Congress finally updated the rules hospitals must follow when they keep Medicare beneficiaries for observation.
The NOTICE Act, which is short for “Notice of Observation Treatment and Implication for Care Eligibility,” requires hospitals to provide written notification to patients within 36 hours of beginning observation care that lasts more than 24 hours. Hospitals must explain that patients under observation status have not been admitted and why, and they must also notify patients of the potential financial implications. Hospitals have 12 months to comply with the NOTICE Act, so it may be a while before it’s fully implemented.
According to a press release from the American Health Care Association, the House unanimously passed the bipartisan legislation on March 16, and the Senate unanimously passed it on June 24 without amendment. Policy wonks can read the full text of the reform here. President Obama signed the bill into law on August 6.
Prior to the reform, Medicare regulations allowed hospitals to observe patients for up to 72 hours without actually admitting them. Beneficiaries who thought they were admitted to the hospital subject to Medicare Part A billing would be shocked to find their entire stay under observation was actually billed subject to Medicare Part B deductibles and cost sharing.
As agents we have a responsibility to make sure our clients know how to use their benefits, especially as the incidence of claims that hospitals submit for observation care continues to skyrocket. According to a Kaiser Health News analysis using the most recently available data from CMS, total claims increased 91 percent between 2006 and 2013 to 1.9 million. Long observation stays, which last 48 hours or more, rose by 450 percent to 170,219 during the same period.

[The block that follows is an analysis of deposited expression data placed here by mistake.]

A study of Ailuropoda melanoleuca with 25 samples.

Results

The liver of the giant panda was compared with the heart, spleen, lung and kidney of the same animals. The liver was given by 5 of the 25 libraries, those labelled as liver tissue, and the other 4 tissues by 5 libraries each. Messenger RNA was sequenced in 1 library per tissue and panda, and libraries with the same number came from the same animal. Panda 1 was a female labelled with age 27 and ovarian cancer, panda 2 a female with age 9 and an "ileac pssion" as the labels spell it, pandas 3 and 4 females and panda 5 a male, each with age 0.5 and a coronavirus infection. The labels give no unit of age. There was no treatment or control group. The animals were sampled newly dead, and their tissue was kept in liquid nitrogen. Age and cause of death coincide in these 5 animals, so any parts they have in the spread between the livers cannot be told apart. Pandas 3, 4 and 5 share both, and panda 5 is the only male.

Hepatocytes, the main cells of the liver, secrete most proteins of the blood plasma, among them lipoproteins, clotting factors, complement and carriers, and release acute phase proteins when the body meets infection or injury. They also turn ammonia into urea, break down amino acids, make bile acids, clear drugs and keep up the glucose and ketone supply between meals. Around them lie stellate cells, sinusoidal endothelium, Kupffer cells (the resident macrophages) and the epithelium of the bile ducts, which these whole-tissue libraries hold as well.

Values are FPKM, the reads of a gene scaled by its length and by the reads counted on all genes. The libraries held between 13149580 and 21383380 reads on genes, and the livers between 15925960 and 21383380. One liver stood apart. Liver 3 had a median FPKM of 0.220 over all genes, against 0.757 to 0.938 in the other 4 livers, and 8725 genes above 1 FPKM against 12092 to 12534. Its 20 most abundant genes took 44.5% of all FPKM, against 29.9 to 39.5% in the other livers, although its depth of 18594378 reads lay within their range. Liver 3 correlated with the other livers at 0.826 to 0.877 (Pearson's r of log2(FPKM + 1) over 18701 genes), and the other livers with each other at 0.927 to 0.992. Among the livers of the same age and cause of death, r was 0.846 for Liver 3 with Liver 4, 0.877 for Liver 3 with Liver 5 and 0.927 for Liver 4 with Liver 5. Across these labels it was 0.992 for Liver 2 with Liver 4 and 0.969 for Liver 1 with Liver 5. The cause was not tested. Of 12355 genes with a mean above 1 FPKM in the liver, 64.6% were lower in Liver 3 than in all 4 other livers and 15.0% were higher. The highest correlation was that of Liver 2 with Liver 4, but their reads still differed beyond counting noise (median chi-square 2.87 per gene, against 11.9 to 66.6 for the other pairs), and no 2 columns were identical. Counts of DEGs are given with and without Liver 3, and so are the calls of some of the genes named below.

Most Medicare Advantage plans cover hospital observation stays as an outpatient surgery co-pay at an in-patient facility (also known as a hospital). Make sure you check with each individual plan you represent so you can inform your clients before unexpected observation status happens. If they call you in panic after being hopsitalized, you can reassure them of their coverage and how it works. It’s that kind of consideration that can get you friend and family member referrals.
Read more about advising clients on hospital observation status here.
Beneficiaries’ potential liability doesn’t end with hospital costs either. Medicare regulations require an individual be hospitalized for three midnights in order to qualify for Medicare Covered Skilled Nursing facility (SNF) care. With the high rate of observation stays, more beneficiaries face astronomical costs in a SNF without help from Medicare. Most simply cannot afford the $200+ per day cost of a SNF out of their own pocket.
Fortunately for some, most Medicare Advantage plans waive Medicare’s outdated three-midnight rule. Certain members can go directly to a SNF after 1 day in the hospital. I had a Medicare Advantage client who fell, broke her hip and went from the ER to surgery to recovery to SNF without ever spending the night in the hospital.
As always, you can call RB Insurance at (800) 997 3107 or email me to learn more about the NOTICE Act and other changes in Medicare policy.